Patients hurt in medical malpractice can commence a medical malpractice lawsuit to recover compensation for their injuries. If the patient dies from the medical malpractice, the estate can commence a wrongful death lawsuit to recover compensation for the family’s loss. This includes lost income, support, finances, and other damages.
Doctors know that medical malpractice occurs. Other healthcare professionals such as technicians, nurses, and other assistants also know that medical malpractice occurs. They actually see it sometimes and even have to fix its mistakes other times. And if you call the right coworkers as witnesses, they will be able to help identify the mistakes and testify to them.
But doctors don’t want you to know that medical malpractice cases scare them. It bothers them a lot. It can really affect a doctor’s premiums and even his or her ability to get new jobs, sign a contract for new privileges, or continue being an attending. Certain mistakes by healthcare providers also result in they inability to continue practicing medicine and to have difficult with the office of medical conduct and professionalism which monitors a doctor’s license. This could mean hearings or interviews to discuss mistakes.
Doctor’s also don't want you to know that you can get them to turn on each other. Some injuries are so obviously medical malpractice that it becomes a blame game. Most times the anesthesia team and the surgical team will point fingers at each other. You can use this to your advantage to help prove your case. If the injuries occurred while you were under their exclusive control, you were anesthetized, and the injuries wouldn’t happen but for negligence, you can use the doctrine of res ipsa loquitur against them. This means you will win your case but the defendants will have to fight it out to determine who is liable for the mistake. After all, they were there and you were under anesthesia.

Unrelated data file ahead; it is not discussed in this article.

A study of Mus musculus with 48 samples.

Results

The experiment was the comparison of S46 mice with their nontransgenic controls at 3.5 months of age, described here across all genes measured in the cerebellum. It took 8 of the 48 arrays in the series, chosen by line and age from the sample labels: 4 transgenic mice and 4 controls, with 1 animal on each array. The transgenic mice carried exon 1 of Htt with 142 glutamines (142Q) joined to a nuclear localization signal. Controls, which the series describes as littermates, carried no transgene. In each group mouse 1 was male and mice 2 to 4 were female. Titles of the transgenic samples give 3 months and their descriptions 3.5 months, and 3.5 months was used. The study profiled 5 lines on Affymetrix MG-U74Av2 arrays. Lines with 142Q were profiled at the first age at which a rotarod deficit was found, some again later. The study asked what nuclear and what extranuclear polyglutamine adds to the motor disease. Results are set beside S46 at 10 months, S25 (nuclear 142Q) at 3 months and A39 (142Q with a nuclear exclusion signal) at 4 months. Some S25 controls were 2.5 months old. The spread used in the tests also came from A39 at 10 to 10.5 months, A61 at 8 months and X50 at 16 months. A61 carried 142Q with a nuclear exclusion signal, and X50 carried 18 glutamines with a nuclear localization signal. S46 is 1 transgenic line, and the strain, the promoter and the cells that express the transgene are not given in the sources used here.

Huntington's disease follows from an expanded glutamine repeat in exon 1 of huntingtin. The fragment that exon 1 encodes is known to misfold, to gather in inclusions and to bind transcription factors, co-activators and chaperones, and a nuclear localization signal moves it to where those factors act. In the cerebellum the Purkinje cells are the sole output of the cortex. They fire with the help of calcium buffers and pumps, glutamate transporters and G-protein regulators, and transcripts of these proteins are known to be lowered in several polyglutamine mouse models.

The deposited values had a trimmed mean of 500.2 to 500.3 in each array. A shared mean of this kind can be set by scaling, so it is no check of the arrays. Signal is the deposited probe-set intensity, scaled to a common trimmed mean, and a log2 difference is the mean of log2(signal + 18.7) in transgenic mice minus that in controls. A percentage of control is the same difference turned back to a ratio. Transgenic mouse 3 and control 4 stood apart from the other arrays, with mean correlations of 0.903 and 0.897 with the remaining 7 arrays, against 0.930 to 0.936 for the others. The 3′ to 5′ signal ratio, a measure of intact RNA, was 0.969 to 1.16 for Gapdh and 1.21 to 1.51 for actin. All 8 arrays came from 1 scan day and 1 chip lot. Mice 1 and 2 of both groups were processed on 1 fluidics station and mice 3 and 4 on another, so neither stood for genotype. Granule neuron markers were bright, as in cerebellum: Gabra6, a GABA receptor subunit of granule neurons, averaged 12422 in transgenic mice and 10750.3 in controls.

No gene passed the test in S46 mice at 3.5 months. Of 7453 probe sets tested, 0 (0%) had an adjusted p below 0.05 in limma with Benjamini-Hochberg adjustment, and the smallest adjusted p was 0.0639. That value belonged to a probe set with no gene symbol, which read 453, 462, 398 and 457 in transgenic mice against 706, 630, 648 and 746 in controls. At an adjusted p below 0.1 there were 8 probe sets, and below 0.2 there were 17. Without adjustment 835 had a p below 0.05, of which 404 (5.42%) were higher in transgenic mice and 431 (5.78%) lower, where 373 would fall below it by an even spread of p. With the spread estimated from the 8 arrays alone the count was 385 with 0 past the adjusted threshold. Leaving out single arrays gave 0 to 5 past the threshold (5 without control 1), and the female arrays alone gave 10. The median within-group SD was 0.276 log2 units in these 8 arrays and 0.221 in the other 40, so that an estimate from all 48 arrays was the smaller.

Healthcare providers don’t want you to know that their reporting and medical notes are sometimes form notes. And sometimes it auto-populates into a medical record with a click of the button. This does not mean that the healthcare provider actually put the notes into the medical record or even read them, or provided them to the patient. This could really hurt a case fi the healthcare providers failed to read those notes or accidentally uploaded the wrong one. The reverse is true when medical providers utterly fail to document anything. There is a saying amongst healthcare providers that “not documented, not done.” This means that if the provider cannot locate it in the records then it did not occur.
But what do you think? I would love to hear from you! Leave a comment or I also welcome your phone call on my toll-free cell at 1-866-889-6882 or you can drop me an e-mail at [email protected] You are always welcome to request my FREE book, The Seven Deadly Mistakes of Malpractice Victims, at the home page of my website at www.protectingpatientrights.com.